What's going on at the Pleasanton Partnerships in Education Foundation, better known as PPIE?
A month ago, Susan Hayes, the organization's longtime executive director, stood with several PPIE board members as she presented a check for $570,000 to the Pleasanton school board for a group photo that's on PPIE's web and Facebook pages.
Today, she's out as PPIE's leader, told by its board president Bob Miller, a research and development director at The Clorox Company, that her contract would not be renewed June 30 when it expired.
The door's locked at PPIE's offices at 333 Division St., the office closed and the phone switched to an answering machine. No note on the door to direct visitors (or possible contributors) to another PPIE location or depository. No press releases to tell the public that Hayes is no longer the director. No public announcement to the thousands in the community who support PPIE and Hayes' efforts to raise money for Pleasanton schools. Nothing about changes on the organization's Facebook page and website. Nothing.
Only a few of the 11 board members the Weekly contacted replied to our question about what's going on at PPIE, and just two seemed to know much about the change. Miller is on vacation and also hasn't responded. Others, including city and civic leaders, knew little or nothing about changes at PPIE, although several said they heard major changes and organizational restructuring are planned. The city owns and leases the building PPIE occupies on Division Street.
It's known that the PPIE board has recently been considering how it can continue to grow and have an even greater impact on excellence in education for Pleasanton, developing plans and strategies for the near future.
"As we've done this work, we realize we are at a transition point, needing to shift the focus for the next few years in order to achieve our stretch goals and deliver even more to the community, and we are aligned that the skills needed for the next phase are very different from the skills used recently," said Joan Laursen, PPIE and Pleasanton school board member. "We will be seeking a new executive director to drive this work."
In her PowerPoint presentation to the school board in June, Hayes pointed out that in addition to the $570,000 check being presented, PPIE over the last three years has donated more than $550,000 annually to the school district. This represented its highest donation levels in consecutive years and 40% of the total donations given in the past decade.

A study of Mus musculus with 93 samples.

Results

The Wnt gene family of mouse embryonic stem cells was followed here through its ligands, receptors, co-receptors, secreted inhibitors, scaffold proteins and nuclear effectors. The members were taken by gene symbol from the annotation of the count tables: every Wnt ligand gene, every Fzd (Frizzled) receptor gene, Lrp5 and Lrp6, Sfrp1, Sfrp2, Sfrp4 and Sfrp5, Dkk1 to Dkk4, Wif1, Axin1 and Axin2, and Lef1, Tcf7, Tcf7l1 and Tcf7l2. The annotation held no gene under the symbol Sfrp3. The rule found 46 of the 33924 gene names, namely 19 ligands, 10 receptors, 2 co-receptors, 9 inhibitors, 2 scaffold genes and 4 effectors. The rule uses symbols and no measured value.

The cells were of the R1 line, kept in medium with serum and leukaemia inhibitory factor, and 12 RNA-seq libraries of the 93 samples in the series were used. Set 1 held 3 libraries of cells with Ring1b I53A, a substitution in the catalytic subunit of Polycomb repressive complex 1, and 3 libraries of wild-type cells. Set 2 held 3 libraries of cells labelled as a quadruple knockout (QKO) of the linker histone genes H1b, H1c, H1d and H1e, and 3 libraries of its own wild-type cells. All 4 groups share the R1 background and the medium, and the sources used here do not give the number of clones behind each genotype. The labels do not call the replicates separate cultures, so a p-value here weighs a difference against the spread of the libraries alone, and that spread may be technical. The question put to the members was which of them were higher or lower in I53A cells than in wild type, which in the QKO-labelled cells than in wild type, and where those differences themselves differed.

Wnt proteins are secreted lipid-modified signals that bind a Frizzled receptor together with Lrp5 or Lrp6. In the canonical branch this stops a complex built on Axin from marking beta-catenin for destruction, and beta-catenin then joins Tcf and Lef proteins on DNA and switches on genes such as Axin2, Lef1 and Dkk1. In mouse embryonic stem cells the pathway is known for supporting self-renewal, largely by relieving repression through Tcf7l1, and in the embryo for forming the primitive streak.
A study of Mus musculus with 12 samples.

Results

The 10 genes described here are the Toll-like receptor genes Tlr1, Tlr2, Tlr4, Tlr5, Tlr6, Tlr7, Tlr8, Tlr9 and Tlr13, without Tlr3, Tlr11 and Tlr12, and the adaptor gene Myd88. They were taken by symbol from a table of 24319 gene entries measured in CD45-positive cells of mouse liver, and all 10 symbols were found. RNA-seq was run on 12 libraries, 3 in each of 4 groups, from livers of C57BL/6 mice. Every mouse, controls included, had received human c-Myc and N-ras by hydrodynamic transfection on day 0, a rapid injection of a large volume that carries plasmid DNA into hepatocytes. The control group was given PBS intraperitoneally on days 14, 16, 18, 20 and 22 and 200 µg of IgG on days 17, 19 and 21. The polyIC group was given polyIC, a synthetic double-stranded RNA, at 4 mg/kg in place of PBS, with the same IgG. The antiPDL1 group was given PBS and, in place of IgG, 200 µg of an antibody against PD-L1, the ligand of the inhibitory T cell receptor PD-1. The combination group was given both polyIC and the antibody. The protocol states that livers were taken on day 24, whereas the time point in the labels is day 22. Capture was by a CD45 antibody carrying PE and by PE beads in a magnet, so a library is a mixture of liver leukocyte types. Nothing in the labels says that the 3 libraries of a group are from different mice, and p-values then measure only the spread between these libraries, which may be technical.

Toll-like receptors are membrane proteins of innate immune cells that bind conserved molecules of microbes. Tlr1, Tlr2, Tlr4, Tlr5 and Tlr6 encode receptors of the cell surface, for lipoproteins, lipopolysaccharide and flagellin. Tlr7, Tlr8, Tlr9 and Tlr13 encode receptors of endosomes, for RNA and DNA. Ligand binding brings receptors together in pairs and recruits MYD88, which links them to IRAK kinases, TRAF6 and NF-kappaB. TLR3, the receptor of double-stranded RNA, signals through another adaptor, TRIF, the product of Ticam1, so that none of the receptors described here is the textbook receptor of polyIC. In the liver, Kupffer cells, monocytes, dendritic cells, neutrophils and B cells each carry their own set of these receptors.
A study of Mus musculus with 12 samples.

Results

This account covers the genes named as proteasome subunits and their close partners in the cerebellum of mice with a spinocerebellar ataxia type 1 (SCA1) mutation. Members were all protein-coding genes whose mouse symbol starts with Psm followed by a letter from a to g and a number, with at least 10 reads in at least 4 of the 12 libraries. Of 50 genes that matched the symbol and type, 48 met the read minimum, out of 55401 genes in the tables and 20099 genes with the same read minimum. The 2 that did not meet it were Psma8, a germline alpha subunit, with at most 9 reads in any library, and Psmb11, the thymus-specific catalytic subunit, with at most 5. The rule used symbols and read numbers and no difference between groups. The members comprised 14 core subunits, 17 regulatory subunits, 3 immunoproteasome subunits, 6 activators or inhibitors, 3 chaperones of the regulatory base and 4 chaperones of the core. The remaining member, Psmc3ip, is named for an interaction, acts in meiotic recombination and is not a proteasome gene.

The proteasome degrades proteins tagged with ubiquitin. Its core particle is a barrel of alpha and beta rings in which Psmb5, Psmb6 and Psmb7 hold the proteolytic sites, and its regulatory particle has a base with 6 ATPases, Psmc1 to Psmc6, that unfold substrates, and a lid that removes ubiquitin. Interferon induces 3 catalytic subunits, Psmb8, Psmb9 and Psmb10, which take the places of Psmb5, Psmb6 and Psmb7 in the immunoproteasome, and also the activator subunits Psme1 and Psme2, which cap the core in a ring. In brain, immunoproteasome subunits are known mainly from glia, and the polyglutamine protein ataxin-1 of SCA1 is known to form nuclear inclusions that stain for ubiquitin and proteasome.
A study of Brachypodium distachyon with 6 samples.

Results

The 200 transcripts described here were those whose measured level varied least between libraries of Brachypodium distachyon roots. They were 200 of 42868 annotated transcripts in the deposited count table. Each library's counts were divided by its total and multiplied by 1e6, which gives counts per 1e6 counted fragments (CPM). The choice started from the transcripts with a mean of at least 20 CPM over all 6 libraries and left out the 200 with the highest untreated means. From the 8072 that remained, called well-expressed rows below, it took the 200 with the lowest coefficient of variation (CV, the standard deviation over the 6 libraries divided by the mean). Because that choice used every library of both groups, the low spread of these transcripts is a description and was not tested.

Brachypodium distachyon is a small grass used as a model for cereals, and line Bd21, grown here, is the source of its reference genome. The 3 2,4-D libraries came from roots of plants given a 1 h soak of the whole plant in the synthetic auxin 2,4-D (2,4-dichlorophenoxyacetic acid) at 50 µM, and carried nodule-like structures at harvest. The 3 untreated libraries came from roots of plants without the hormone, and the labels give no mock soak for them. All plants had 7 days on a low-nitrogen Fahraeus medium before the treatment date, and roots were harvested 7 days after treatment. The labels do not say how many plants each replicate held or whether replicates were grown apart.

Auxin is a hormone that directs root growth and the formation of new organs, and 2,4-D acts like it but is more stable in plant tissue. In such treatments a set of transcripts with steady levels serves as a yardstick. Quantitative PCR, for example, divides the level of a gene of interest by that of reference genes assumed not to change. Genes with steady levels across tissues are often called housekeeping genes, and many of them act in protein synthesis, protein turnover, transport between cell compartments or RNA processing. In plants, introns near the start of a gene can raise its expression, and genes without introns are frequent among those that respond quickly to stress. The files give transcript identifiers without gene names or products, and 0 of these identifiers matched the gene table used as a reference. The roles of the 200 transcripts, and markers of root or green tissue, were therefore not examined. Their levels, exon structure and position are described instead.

"Having achieved new consistent levels of giving to the district, PPIE seems poised for growth," Hayes said to loud applause.
But the growth planned will go forward without Hayes, although PPIE supporters say it's been her tireless efforts to gain the generous support of the Pleasanton community that has raised the contributions needed to help schools maintain excellence by meeting classroom needs unfunded by other means.
During Hayes' tenure, fundraisers included benefit concerts, the annual Pleasanton Run for Education, a giving fund and corporate matching programs. Her efforts included being where financial help for schools might be available, often at meetings with the Pleasanton Chamber of Commerce, Rotary, homeowners associations and the City Council.
Someone else will pick up these duties now, but many agree that the change seems to come at an awkward time.
The Pleasanton school board will meet July 30 to consider a multimillion-dollar bond measure it plans to place on the Nov. 8 General Election ballot. To gain the needed 55% voter approval, it will need strong campaign support from organizations such as PPIE.
Also on Nov. 8, voters will select candidates to fill three seats on the school board. Two of the three incumbents have announced they will seek re-election, but even so, election campaigns could be disruptive for a new PPIE director and fundraising effort.
PPIE is a nonprofit 501(c)(3) foundation and is not political. Founded in 1985, it has weathered successfully changes in executive directors, political campaigns and fundraising strategies. The leadership is indicating that changes are coming again.
Supporters just hope that the PPIE board of directors will be more transparent in keeping them informed about what's going on at PPIE.